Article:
Yet these achievements were dogged by terrible events. First, in 1973, Jean had a serious car accident. Then seven years later the family’s Paris boutique was obliterated by a bomb attack the day before Thierry was due to start working alongside his father. After loosing so much in an instant he could have opted to distance himself from the jewellery craft. However, this did not happen and the world gained a talented new jewellery artist.
From his father, Thierry learned about the importance of the kinetics of a jewellery piece, as well as how to identify a sense of balance in discord. His style has an underlying simplicity with forms being fluid and organic, compounded by a vital force (the components often jut out, while gemstones seem to break free from their metal shells). Thierry works a lot with Iron Oxide, this is what is left once a metal erodes – a new lease on life, a new form of aesthetic that challenges perception. Unearthing beauty out of chaos and thereby reconciling opposite forces is how one can describe Thierry Vendome’s jewellery philosophy.
Olivier Dupon: Is duality a core concept in your work, as seen in the combination of low with highbrow materials?
Thierry Vendome: I am indeed fascinated by unexpected marriages. In my work, contrast is often due to the use of unconventional components that are paired with gold and diamonds. I usually gather these along my travels. I love pushing my hands into the ground to get small interesting objects, no matter if they are dirty, used or oxidised. It is precisely their aged aspect that complements precious materials. Raw gold with poor metals is a signature that allows me to replicate how Nature itself mixes wildness with pure beauty.
OD: Can you please tell us more about your choice of ‘rust’?
TV: It took me a while before finding a ‘good’ oxidised metal and eventually settling for rust. In the meantime, I experimented with driftwood, bird bones, seashells and glass. I now source rust from an old disused military base. In fact, it comes from shredded fragments of bombs. Beyond its beauty, rusted metal is extremely solid and light. However, it is a difficult material to saw and file, and although a few other jewellers are now also using rust in their designs, I am proud to say I am the only one who can set rust with diamonds – a highly technical feat!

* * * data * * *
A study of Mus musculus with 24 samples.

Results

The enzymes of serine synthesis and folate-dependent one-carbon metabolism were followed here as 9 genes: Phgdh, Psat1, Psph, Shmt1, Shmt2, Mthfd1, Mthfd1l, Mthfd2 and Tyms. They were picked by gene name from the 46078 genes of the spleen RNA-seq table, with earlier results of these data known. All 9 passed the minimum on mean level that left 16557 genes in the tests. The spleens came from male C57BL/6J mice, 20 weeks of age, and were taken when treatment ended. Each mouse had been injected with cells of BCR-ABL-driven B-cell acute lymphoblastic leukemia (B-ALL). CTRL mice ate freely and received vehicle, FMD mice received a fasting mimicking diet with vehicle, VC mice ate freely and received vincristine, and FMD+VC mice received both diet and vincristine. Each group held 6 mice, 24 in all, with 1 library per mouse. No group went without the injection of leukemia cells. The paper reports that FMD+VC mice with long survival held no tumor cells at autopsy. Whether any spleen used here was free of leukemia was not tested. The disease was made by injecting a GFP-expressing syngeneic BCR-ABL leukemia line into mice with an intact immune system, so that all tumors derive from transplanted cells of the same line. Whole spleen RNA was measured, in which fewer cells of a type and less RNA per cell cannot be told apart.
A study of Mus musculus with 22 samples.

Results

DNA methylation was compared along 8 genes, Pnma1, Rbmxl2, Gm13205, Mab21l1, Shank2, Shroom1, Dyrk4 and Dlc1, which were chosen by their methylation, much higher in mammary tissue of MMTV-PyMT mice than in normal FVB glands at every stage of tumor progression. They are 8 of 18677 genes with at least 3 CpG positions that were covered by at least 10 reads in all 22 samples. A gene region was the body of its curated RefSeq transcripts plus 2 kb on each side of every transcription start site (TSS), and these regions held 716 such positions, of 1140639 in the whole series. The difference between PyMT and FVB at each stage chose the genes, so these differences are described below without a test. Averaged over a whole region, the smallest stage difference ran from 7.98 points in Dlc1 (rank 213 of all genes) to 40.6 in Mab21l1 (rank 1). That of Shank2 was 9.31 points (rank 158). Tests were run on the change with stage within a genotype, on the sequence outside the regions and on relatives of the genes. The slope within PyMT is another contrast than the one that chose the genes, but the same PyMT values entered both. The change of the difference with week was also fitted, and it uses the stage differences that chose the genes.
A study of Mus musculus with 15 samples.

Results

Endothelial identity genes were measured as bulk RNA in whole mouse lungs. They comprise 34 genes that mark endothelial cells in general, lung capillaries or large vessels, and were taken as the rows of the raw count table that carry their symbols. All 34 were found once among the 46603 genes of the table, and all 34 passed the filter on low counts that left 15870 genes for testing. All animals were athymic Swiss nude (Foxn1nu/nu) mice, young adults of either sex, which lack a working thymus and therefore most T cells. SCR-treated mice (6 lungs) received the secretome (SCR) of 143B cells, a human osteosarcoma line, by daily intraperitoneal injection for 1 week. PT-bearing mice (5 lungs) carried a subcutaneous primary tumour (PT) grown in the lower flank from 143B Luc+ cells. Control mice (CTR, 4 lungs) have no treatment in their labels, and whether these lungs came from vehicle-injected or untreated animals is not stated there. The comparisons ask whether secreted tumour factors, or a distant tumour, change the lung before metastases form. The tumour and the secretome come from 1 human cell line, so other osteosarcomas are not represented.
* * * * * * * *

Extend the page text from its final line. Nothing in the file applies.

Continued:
OD: How has your father impacted on your practice as a jeweller?
TV: Jean Vendome’s prodigious talent never prevented me from shaping my own creative path. I would add that at the time, in the shop, an entire window over rue Saint Honoré was always allocated to my work. Of course, after 23 years spent learning by my father’s side, I have definitely adopted the ‘codes of the house’ (rules of proportion, how to read forms, how to interpret Nature, etc.). It has been a rare opportunity to work with him, and I am grateful for what he taught me. I am convinced, however, that there are still numerous areas to explore in the world of jewellery making.
OD: Your family history is full of indescribable dramas. How does your work pay homage to this legacy?
TV: My renditions are sculptural, mineral and organic, always balancing abstraction with identifiable beauty. Having been profoundly marked by the Armenian genocide that has impacted so greatly on my family, as on so many others, I once created a piece made of rusted vestiges of war mixed with the remains of a gold cross and diamonds pierced with a bullet. I should add that my grandmother was a very religious woman, and I would accompany her to the Pentecostal church on Sundays. This has provided me with strong moral foundations to this day, which ultimately transpire in my work.
OD: Do you have an anecdote you can share with us?
TV: A client had just acquired a lovely hôtel particulier in Paris, and while the premises were being renovated she brought me a bag full of rusted tricentennial nails. She wanted me to create a sculpture with them. Three weeks later, upon returning to view her sculpture, she discovered that I had fashioned a sumptuous necklace with peridots, gold and all the nails instead. To this day, she says she still wears the piece with tremendous pleasure.